Munich, or Why I am glad that I'm not gluten free (right now).

Last week we departed for a long weekend trip to Munich. Having three day weekends, every weekend definitely has its benefits!

I won't bore you with every detail of our trip, but I do have a few thoughts and some recommendations if you find yourself in Munich in the near future.

First of all, go to Munich! I went to Berlin in college for spring break (a missions trip, not exactly what you might think of when you hear "spring break," and almost the entire time was spent in the former Soviet block portion of the city), but I don't think I realized how very beautiful Germany is. Then again, I wasn't in Bavaria in the fall with a cute guy, either. (Also, the former Soviet block isn't what you might call "pretty.") Munich was, in a word, lovely. It is a very large city, but it's easily navigable (thank you, German engineering and efficiency) with a mostly pristine above- and below-ground train system (U-Bahn and S-Bahn). The trees were changing, leaves were falling, and we thoroughly enjoyed walking the clean streets and admiring the gorgeous buildings, all of which seemed to have been paid immaculate attention in terms of architectural detail. 


Kaiserschmarrn. Pancakes and applesauce by themselves are already high on my list of delicious foods, so the pairing was perfect.

Kaiserschmarrn. Pancakes and applesauce by themselves are already high on my list of delicious foods, so the pairing was perfect.

A bakery around the corner from our Airbnb, which we thoroughly enjoyed two mornings in a row.

A bakery around the corner from our Airbnb, which we thoroughly enjoyed two mornings in a row.

A big 'ol cup of coffee for breakfast. I love Spain, but they don't seem to understand the concept of big coffees. Thank you, Germany, for knowing just what this girl needed.

A big 'ol cup of coffee for breakfast. I love Spain, but they don't seem to understand the concept of big coffees. Thank you, Germany, for knowing just what this girl needed.

We obviously enjoyed some good food, but we also did a lot of walking and exploring. Things we saw and enjoyed most were going to Dachau, the concentration camp that existed during WWII (and before), the Viktualienmarkt, a large open-air food and crafts market downtown, walking through the English Garden (especially sitting and eating raspberries by the river), and getting some food and drink at Chinesischer Turm (the Chinese beer garden) that lies within the English Garden. We also completely stumbled upon an all-English, second hand bookstore; it was like a dream come true. Run by a New Yorker, The Munich Readery is somewhere you should go if you are aching for a good book and want an excellent selection of literature, non-fiction, etc. Of course, we stocked up on some good reads.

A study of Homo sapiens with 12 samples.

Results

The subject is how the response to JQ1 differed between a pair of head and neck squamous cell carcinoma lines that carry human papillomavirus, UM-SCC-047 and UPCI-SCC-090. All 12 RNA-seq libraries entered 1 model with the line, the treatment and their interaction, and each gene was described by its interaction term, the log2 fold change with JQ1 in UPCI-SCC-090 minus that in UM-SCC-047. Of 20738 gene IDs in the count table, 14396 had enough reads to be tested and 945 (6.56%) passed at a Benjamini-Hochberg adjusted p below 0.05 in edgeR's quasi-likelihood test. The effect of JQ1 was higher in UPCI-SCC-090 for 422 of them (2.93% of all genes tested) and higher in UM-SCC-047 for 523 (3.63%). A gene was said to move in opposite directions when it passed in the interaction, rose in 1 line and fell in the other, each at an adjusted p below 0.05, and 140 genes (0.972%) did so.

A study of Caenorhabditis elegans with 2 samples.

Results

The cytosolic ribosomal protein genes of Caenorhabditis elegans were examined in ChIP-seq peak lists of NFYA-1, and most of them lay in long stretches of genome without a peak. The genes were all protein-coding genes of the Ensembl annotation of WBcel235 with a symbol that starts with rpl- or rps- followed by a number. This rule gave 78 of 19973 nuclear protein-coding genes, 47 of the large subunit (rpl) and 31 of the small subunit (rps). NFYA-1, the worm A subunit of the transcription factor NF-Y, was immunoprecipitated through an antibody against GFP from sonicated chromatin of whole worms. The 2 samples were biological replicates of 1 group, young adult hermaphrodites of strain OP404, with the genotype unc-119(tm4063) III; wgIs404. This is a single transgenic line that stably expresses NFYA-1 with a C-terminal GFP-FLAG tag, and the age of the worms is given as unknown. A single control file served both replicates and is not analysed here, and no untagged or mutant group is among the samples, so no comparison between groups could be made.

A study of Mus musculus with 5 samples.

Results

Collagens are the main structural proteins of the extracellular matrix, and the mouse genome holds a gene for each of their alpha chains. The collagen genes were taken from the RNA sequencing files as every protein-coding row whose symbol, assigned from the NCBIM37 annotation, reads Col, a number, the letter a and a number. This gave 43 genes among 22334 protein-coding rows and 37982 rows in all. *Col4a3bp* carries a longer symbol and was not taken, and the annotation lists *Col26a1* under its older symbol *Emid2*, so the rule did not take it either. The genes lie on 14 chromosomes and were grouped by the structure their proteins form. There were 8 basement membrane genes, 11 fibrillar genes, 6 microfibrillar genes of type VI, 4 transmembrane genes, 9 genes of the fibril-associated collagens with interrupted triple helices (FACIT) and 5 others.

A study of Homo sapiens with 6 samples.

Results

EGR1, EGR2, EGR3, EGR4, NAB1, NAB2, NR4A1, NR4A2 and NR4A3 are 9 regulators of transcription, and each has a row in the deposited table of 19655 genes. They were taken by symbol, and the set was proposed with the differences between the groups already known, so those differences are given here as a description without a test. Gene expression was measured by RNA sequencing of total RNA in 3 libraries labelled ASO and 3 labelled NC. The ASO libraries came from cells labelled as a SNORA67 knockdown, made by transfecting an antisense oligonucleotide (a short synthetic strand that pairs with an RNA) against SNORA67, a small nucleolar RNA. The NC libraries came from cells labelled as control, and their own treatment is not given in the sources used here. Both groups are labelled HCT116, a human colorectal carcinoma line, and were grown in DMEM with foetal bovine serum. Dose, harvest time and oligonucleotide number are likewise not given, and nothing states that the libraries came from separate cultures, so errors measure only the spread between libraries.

Chinesischer Turm (Chinese beer garden). Such a fun atmosphere, great for people watching, and food and drink at not too exorbitant prices. 

Chinesischer Turm (Chinese beer garden). Such a fun atmosphere, great for people watching, and food and drink at not too exorbitant prices. 

Art for sale.

Art for sale.

Ah, it was fall. (Now we're back in Spain and it's in the '80s. The weather was nice while it lasted!)

Ah, it was fall. (Now we're back in Spain and it's in the '80s. The weather was nice while it lasted!)

Marienplatz, right downtown.

Marienplatz, right downtown.

Little gnome-elves that we found at the Christmas stands in the Viktualienmarkt. Did we buy one?

Little gnome-elves that we found at the Christmas stands in the Viktualienmarkt. Did we buy one?

Of course we did! Here's our gnome-elf, Otto.

Of course we did! Here's our gnome-elf, Otto.

Down by the Inar River, one of my favorite places in Munich that we visited.

Down by the Inar River, one of my favorite places in Munich that we visited.

And there were raspberries! We found them at a market, and I naturally snatched them up. Nearly impossible to find here in Madrid, I'm willing to sacrifice a little for them!

And there were raspberries! We found them at a market, and I naturally snatched them up. Nearly impossible to find here in Madrid, I'm willing to sacrifice a little for them!

Our newest additions.

Our newest additions.

Why Dachau, you might ask? That doesn't sound fun or exciting, right? I wouldn't call it fun, but I would say that it was powerful. I've taken and taught some history classes, and enjoy reading about the WWII era. This past year I taught a book called The Boy Who Dared about a German youth who stood up to the Nazi regime because he knew they were lying to the German people and were committing atrocities (a true story). While there is much sadness in that time period in the world's history, it is still valuable to study so that we know what happened and don't do the same things again. It's important, too, to put faces on the masses of people who were murdered and to honor the memory of their lives, even decades after their deaths. I'm able to better understand another person's perspective if I stand in their shoes and walk around in them, and that was our goal by going to visit the longest operating concentration camp. The rainy weather matched the mood, but I was so thankful that we went and that I have a better, clearer perspective on part of that piece of history.

"Work Makes You Free:" text on the gate entering into the Dachau concentration camp.

"Work Makes You Free:" text on the gate entering into the Dachau concentration camp.

Looking out over the camp where the barracks used to be. Now they are gone, but there is a stone marker where each of the barracks stood. The camp was huge.

Looking out over the camp where the barracks used to be. Now they are gone, but there is a stone marker where each of the barracks stood. The camp was huge.

The memorial to those who suffered and died at the hands of evil at Dachau.

The memorial to those who suffered and died at the hands of evil at Dachau.